International exhibitions

Archives 2nd half of 2013

The Love of Things

Kunsthalle Münster (Germany)

23.11.2013 - 30.03.2014


The average citizen of the modern Western world owns around 10,000 things—a mind-blowing number. Driven by mass production and mass consumerism, this deluge of stuff has drawn censure from cultural critics from the dawn of industrialization to the present day. Things have always played a salient role in art, but in recent years, various academic disciplines (ethnology, cultural scholarship, material culture studies, thing studies) have contributed to a new and more favorable assessment. Two surprising hypotheses: Things can affect our lives in highly positive ways. And: By observing how someone engages with things, we can gain learn a great deal also about his or her self-relation as well as social relationships.

The Love of Things, Kunsthalle Münster

© ArtCatalyse International / Marika Prévosto 2013. All Rights Reserved

What does the way we look at things tell us about culturally and gender-specific qualities projected on them? What inferences does ownership of things—the way they belong to a specific person as unique attributes, even extensions of the body into the sphere of appearances—permit? Should the objects in the exhibition also be read as self-portraits by the artists?

Reserved, observing, playful, ironic, or malicious: Each work presents an unconventional and previously unexplored approach to things, phenomena, and relationships, charting new trajectories of visual and sensory perception as well as intellectual reflection.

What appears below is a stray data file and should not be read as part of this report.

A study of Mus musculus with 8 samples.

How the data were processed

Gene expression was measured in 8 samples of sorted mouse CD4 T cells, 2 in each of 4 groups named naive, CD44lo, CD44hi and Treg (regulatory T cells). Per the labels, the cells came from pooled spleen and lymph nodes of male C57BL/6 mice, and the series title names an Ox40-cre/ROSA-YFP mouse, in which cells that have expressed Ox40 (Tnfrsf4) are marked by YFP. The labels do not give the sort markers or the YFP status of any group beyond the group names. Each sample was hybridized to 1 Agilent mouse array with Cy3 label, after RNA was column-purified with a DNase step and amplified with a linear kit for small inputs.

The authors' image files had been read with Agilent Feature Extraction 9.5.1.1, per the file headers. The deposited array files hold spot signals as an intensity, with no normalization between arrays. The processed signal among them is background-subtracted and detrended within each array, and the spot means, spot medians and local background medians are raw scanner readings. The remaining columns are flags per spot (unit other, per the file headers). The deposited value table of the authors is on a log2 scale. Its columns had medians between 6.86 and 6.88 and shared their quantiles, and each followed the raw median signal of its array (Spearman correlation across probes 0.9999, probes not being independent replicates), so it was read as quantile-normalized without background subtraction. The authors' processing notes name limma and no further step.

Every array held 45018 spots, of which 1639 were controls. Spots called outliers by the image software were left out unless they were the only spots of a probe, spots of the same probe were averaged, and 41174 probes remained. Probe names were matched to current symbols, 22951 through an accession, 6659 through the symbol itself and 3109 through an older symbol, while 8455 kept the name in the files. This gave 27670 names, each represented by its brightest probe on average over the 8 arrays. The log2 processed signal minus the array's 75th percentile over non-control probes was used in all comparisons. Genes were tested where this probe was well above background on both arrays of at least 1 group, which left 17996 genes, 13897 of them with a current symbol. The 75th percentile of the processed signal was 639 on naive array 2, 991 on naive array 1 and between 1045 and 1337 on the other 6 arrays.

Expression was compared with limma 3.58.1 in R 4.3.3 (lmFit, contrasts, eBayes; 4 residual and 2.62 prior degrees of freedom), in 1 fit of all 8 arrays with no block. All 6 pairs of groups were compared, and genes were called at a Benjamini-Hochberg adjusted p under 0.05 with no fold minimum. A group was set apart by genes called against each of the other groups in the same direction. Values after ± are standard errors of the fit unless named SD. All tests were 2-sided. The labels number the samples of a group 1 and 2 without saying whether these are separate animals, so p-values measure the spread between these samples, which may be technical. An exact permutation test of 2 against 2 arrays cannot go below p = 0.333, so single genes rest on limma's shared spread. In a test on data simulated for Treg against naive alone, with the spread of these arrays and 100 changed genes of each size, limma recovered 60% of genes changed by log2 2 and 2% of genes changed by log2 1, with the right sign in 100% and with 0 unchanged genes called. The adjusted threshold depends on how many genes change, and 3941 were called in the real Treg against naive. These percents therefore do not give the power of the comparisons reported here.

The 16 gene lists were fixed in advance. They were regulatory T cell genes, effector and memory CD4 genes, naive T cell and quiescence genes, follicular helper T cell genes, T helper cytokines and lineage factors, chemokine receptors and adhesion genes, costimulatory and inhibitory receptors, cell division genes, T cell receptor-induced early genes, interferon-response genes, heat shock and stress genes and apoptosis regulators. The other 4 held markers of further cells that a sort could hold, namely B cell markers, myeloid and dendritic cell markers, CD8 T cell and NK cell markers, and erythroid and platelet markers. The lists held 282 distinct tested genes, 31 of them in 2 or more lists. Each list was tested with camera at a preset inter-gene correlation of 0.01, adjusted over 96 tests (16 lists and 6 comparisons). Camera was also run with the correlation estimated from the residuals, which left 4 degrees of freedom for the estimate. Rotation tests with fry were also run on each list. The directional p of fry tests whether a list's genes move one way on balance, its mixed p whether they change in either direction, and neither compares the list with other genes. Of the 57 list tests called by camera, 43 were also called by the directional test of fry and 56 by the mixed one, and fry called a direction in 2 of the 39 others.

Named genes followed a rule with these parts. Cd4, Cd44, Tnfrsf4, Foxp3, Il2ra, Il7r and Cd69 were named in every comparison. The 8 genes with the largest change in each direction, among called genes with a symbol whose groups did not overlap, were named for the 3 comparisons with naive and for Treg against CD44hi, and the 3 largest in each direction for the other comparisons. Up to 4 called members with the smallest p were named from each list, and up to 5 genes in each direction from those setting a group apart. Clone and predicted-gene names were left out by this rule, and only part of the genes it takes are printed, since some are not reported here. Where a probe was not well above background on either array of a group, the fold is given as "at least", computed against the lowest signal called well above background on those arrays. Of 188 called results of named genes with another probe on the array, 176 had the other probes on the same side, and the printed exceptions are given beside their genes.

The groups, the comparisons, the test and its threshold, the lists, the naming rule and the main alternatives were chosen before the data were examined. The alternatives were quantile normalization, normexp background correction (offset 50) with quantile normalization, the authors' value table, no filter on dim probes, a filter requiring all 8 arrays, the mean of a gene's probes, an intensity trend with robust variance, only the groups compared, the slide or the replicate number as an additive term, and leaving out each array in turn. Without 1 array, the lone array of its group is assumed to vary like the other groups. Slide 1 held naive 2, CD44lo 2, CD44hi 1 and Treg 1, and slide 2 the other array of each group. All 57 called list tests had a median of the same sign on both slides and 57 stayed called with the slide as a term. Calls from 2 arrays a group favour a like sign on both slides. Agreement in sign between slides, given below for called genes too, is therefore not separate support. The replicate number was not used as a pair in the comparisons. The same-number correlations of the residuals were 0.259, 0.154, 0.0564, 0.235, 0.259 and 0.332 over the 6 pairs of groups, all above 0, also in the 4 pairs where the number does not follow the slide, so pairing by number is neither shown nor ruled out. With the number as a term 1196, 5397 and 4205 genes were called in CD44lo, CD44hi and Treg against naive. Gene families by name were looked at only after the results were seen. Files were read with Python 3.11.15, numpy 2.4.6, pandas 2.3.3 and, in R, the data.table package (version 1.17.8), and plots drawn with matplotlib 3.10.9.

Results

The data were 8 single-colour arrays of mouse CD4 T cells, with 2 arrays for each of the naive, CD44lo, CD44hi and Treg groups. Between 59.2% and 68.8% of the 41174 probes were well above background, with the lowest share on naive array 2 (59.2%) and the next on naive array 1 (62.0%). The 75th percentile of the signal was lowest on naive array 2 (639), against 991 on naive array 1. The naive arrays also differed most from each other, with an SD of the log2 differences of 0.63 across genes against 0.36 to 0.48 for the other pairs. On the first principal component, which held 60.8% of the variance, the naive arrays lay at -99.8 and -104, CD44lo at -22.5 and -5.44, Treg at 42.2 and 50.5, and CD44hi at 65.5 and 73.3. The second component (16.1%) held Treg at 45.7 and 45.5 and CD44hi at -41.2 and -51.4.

Artists: Wiebke Bartsch, Alexandra Bircken, Karla Black, Kristina Bræin, Sylvie Fleury, Andreas Gloël, Surasi Kusolwong, Al Masson, Roman Signer, Florian Slotawa, Erwin Wurm, Haegue Yang.

Curators: Susanne Düchting, Gail Kirkpatrick, Julia Wirxel

Exhibition 23 November 2013 - 30 March 2014. Kunsthalle Münster, Hafenweg 28 - 48155 Münster. Opening hours: Tuesday-Friday 14h -19h - Saturday-Sunday 12h - 18h.

The exhibition presents works that reflect personal stances on things. The twelve international artists consider objects of everyday life in unwonted and striking perspectives, altering them in ways that allow for ambivalence between familiarity and alienation. They make relations among things and between things and us visible by examining them in installational arrangements.

Are there preferences for certain things? Do the installations hew to a specific aesthetic? How does the viewer perceive them? What is the role of the “surface” of things in this context? What does the object reveal about its particular history?